Hemorrhoids are swollen and inflamed veins in the anus and lower rectum. Hemorrhoids can be found inside and outside of the body. Internal hemorrhoids can be found inside the anus and the beginning of the rectum. They are often small, swollen veins in the wall of the anus, but they can bulge out. External hemorrhoids can feel like bulges at the anal opening, and may hang outside of the anus. When irritated, they can itch or bleed. Sometimes blood forms clots (thrombosis) in the hemorrhoid causing severe pain, swelling and inflammation.
Causes of Hemorrhoids in Children
There are many things that can cause hemorrhoids in children. Examples include:
- Sitting on a hard surface. Children often sit for long periods of time on hard wooden stools.
- Sitting on the toilet for a long time.
- Straining when passing stool usually due to constipation and digestive problems.
Hemorrhoids often develop from diarrhea, constipation, infection, and a variety of other causes. Common symptoms include bleeding from the rectum, anal itching, general discomfort, and an external anal protrusion.
One of the most common symptoms of hemorrhoids in children is bleeding from the rectum. This is often caused by a rupture of the blood vessels in or around the anal canal, and the blood is often bright red typically during bowel movements. Rectal bleeding at other times may indicate a more serious problem, and should be examined by a medical professional like a pediatric gastroenterologist as soon as possible.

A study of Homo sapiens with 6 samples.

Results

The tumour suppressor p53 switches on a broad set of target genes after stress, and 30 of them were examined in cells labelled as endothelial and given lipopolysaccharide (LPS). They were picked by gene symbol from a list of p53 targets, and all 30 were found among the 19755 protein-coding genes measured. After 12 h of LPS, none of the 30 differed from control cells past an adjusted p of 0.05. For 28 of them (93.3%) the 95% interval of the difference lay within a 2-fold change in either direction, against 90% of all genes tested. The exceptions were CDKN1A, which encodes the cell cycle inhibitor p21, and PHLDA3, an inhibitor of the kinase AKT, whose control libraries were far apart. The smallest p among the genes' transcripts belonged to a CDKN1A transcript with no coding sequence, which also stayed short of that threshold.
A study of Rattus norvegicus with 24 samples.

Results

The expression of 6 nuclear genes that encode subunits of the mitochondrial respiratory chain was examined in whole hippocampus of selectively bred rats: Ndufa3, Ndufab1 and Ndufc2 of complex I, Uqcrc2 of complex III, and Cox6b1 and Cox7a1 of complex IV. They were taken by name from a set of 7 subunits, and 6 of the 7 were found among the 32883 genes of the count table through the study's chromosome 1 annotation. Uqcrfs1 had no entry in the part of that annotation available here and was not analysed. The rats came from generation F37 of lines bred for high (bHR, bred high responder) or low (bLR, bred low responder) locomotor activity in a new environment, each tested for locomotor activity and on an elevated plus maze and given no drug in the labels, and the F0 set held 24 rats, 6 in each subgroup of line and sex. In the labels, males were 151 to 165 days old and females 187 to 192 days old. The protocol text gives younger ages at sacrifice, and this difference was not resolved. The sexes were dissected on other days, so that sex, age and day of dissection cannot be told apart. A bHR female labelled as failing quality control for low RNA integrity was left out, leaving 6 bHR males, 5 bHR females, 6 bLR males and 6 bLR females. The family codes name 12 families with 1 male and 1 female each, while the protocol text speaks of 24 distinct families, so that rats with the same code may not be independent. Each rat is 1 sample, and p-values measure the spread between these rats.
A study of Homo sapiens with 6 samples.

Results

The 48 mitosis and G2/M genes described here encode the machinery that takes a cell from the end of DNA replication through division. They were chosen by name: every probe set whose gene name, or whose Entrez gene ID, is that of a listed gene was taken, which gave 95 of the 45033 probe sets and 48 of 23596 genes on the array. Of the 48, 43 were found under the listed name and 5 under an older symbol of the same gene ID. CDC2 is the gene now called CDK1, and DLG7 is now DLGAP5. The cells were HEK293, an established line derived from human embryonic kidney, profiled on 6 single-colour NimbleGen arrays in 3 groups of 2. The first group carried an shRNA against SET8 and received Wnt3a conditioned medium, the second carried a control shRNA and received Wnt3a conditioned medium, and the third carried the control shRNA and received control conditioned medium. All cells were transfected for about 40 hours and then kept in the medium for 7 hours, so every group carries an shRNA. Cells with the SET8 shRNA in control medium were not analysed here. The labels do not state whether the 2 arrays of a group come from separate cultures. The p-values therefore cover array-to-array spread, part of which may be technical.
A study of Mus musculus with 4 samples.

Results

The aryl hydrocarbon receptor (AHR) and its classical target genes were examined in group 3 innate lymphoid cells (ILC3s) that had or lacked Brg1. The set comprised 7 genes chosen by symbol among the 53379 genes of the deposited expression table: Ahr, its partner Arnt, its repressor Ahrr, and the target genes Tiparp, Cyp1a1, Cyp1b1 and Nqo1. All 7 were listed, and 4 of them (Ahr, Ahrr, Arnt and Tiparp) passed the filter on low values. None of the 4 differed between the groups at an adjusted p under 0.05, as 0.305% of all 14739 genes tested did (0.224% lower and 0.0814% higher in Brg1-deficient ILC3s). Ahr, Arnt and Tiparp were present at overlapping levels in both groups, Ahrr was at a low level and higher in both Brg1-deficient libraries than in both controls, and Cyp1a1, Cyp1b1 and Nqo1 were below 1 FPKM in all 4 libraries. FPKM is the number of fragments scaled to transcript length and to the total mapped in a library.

Anal itching is another common symptom. Hemorrhoids often secrete mucus that moistens the anus and surrounding tissue. This mucus, combined with stool from the bowel movements, often create a chronic itch that children typically have a hard time ignoring.
General discomfort is a classic symptom. Typically, the pain and discomfort comes from sitting for long periods, or during bowel movements. Children often shy away from going to the bathroom to avoid the pain.
A large lump or mass that occurs near the opening of the anal canal is another symptom. External hemorrhoids must be treat as well as the internal hemorrhoid.
The doctor can either see any hemorrhoids, or do an internal anal and rectum exam. Because internal hemorrhoids are often too soft to feel, an anoscope, proctoscope or sigmoidoscope may be used that allows the doctor to see into the anus and rectum. If a more extensive exam of the entire colon is needed, a colonoscopy may be recommended if the signs and symptoms suggest a digestive system disease, there are risk factors for colorectal cancer, or recommended for people over the age of 50.
Most of the time, treatment for hemorrhoids can be done at home and include:
- Over the counter corticosteroid creams
- Hemorrhoid creams with lidocaine to help reduce pain
- Witch hazel
- Wearing cotton underwear
- Avoid toilet tissue with perfumes or colors
- Sitz baths
Constipation and straining during bowel movements raise your risk for hemorrhoids. To prevent constipation and hemorrhoids:
Use stool softeners to prevent straining
Monitor toilet training.
Children need to play outside and get plenty of fresh air.
For bleeding and pain that doesn’t stop, a minimally invasive procedure may be necessary.